Artist and photographer Cindy Sherman is the grande dame of self-portraiture, making a career of casting herself as countless (mostly) female archetypes, from silver-screen sirens and historical figures to society mavens and birthday-party clowns. By turning the lens onto herself, she reveals just how much society feeds off images of the human form, ultimately transforming that same lens into a mirror of our times.
Now, The Broad museum is showcasing her awe-inspiring art in its inaugural special exhibition and the first retrospective of Sherman's works in LA in nearly two decades. With more than 120 images drawn primarily from The Broad's collection, Cindy Sherman: Imitation of Life uncovers just why Sherman continues to be required material for contemporary arts students across the globe.
While the recent opening of The Broad and the contents of its permanent collection have already received considerable coverage, not many people know that the first artist the Broads collected in ernest was Cindy Sherman. At a press conference for the exhibition on Wednesday, the museum's eponymous founder Eli Broad described first encountering Sherman's work in November, 1982 at the Metro Pictures gallery in SoHo.
Broad and his wife Edythe had been collecting paintings for about 10 years and had never really been interested in photography until they saw Cindy Sherman's Untitled Film Stills, in which Sherman dressed up as screen sirens from the 50s and 60s, painstakingly reducing make-believe movies to single frames. The Broads bought 20 of her works on the spot. "We were not photography collectors at the time, but we were really blown away," Broad said. "We saw something there that went well beyond photography." The Broads have been acquiring Sherman's newest works each year since, and the result is the world's biggest collection of Cindy Sherman's art.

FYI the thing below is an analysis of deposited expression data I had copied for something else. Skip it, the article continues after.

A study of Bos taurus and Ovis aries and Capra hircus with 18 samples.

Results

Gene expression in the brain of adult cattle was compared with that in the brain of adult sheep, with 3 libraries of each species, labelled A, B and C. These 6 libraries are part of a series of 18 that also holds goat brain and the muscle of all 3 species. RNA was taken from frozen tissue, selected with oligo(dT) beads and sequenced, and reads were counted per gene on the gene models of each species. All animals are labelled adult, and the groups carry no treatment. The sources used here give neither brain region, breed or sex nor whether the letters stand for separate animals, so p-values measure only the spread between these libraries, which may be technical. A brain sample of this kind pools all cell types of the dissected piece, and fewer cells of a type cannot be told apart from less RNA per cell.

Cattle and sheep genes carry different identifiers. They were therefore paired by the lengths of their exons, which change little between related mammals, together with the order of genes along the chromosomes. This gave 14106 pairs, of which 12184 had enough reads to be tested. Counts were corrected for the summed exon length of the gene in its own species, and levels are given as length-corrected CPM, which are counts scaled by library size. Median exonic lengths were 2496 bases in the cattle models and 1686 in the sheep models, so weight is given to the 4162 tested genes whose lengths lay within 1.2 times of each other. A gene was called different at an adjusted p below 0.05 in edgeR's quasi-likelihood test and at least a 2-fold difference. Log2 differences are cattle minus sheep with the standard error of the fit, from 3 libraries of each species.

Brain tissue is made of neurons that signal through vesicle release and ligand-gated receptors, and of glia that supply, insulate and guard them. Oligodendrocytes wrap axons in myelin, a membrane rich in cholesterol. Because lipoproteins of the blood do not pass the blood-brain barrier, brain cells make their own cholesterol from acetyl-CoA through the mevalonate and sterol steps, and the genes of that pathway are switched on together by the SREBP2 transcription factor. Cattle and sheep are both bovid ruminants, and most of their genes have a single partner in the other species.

When she was 23, Sherman moved to New York City and worked on the Untitled Film Stills series between 1977 and 1980. Inspired by bygone B-movies and foreign films, the images catalog a range of stereotypical female movie roles, from fair-haired ingenue to exotic sexpot. It was followed by Sherman’s Rear Projection Series, in which the artist appeared in front of deliberately artificial-looking backgrounds created by projecting images onto the back of a transparent screen. She continued to increase the scale of the photographs using bold, vibrant colors, and in 1983, she began an ongoing project parodying commercial photography in high-fashion magazines such as Vogue Paris and Harper's Bazaar.
In the late 80s, Sherman worked on a series of large-scale history portraits mocking Old Master oil paintings. Here, she shed the iconography she once so expertly employed, with obvious prosthetics and exaggerated makeup calling attention to the intentional inaccuracy of the portraits themselves. The increasingly deliberate artifice seemed to culminate with Sherman's works in the early 90s in which her subjects are reduced to human detritus and the sum of the parts don't quite add up. Audiences wondered where she’d go from there.
Where Sherman went, it turns out, is full circle: with incredibly realistic, often amusing stereotypes of women, this time in the form of overly-tan, worn-out ladies with no style, and painted portraits of 80s society folk. By the end of the exhibition, it's obvious that the trajectory of Sherman's career went from photos that look like film stills to large-scale portraits that resemble paintings of aging starlets, showing how disillusion with women's roles in society has been Sherman's underlying theme all along.
Cindy Sherman: Imitation of Life is on view from June 11 to October 2, 2016 at The Broad.